Harrisburg Man Charged Federally for Attempting to Arrange Son’s Escape from Prison
|U.S. Attorney’s Office October 23, 2013|
The United States Attorney’s Office for the Middle District of Pennsylvania announced that a federal grand jury in Harrisburg returned an indictment today charging William Trickett Smith, Sr., age 76, with attempting to arrange a prison escape, lying to federal agents about it, and trying to persuade someone else to lie to federal agents.
According to United States Attorney Peter J. Smith, the charges stem from events surrounding the arrest and extradition of the defendant’s son, William Trickett Smith, II. In 2007, Smith, II was arrested in Pennsylvania, and charged in Peru for the murder of his wife. Peruvian authorities sought his extradition.
The indictment alleges that during 2009 and 2010, Smith, Sr., of Harrisburg, devised a plan to have his son escape from custody after Smith, Sr. filed a false private criminal complaint by paying off a magisterial district justice to schedule a hearing that would require Smith, II to be transported and paying off a constable who would be picked to transport him. The indictment alleges that when the plan failed because the criminal complaint was not approved by the district attorney, Smith, Sr. then allegedly devised another plan for his son’s escape by paying off a prison guard. That plan also failed because Smith, II was moved to a different prison. The indictment alleges that in 2010, Smith, Sr. lied about his plans and actions when questioned by the Federal Bureau of Investigation and also tried to persuade another individual to lie to the FBI about Smith, Sr.’s actions.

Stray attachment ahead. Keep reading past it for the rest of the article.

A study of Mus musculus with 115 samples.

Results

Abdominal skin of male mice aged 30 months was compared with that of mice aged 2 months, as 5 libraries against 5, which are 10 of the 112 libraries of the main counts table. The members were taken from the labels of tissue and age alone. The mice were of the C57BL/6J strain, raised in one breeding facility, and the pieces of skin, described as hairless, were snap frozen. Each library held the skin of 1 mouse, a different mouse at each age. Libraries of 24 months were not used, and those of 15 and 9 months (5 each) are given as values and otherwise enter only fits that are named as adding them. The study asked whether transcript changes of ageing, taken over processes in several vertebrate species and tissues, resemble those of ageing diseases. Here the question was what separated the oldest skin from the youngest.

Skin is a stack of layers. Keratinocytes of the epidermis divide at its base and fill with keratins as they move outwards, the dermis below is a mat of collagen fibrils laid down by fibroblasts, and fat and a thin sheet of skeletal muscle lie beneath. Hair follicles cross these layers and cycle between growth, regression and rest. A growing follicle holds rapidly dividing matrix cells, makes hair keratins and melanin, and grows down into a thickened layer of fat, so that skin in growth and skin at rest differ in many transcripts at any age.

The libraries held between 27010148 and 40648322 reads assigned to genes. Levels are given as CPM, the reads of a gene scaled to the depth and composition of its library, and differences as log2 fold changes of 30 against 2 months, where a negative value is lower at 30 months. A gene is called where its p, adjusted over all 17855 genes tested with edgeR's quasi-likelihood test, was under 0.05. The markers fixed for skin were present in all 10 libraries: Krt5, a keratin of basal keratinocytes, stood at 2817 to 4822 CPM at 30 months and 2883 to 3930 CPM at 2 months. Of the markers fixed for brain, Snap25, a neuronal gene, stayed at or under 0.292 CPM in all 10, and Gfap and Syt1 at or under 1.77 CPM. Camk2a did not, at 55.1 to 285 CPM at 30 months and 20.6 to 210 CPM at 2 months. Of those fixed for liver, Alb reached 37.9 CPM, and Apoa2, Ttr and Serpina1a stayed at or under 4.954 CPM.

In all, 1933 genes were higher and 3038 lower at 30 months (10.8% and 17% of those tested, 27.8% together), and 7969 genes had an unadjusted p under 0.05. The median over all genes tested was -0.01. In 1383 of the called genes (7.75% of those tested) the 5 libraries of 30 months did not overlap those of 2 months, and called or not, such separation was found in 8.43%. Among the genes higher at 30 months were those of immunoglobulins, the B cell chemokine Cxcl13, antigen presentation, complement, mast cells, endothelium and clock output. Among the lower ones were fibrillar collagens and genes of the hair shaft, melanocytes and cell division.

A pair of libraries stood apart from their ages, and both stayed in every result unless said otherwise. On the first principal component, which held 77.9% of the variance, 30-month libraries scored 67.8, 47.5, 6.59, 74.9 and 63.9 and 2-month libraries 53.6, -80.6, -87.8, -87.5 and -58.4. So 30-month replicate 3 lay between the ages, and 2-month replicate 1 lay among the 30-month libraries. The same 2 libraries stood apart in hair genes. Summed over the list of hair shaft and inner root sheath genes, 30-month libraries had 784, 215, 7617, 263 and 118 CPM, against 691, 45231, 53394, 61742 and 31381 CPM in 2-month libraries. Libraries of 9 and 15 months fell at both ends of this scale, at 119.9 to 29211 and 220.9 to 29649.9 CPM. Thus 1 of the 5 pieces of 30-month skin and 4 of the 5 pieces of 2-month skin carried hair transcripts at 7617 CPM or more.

The case was investigated by the Federal Bureau of Investigation, the United States Marshals Service, the Dauphin County District Attorney’s Office, the Pennsylvania Department of Corrections-Office of Professional Responsibility and the Perry County Prison. The case is being prosecuted by Assistant U.S. Attorney James T. Clancy.
Indictments and criminal informations are only allegations. All persons charged are presumed to be innocent unless and until found guilty in court.
A sentence following a finding of guilty is imposed by the Judge after consideration of the applicable federal sentencing statutes and the Federal Sentencing Guidelines.
In this case, the maximum penalty under the federal statute is 20 years' imprisonment, a term of supervised release following imprisonment, and a fine. Under the Federal Sentencing Guidelines, the judge is also required to consider and weigh a number of factors, including the nature, circumstances, and seriousness of the offense; the history and characteristics of the defendant; and the need to punish the defendant, protect the public, and provide for the defendant’s educational, vocational, and medical needs. For these reasons, the statutory maximum penalty for the offense is not an accurate indicator of the potential sentence for a specific defendant.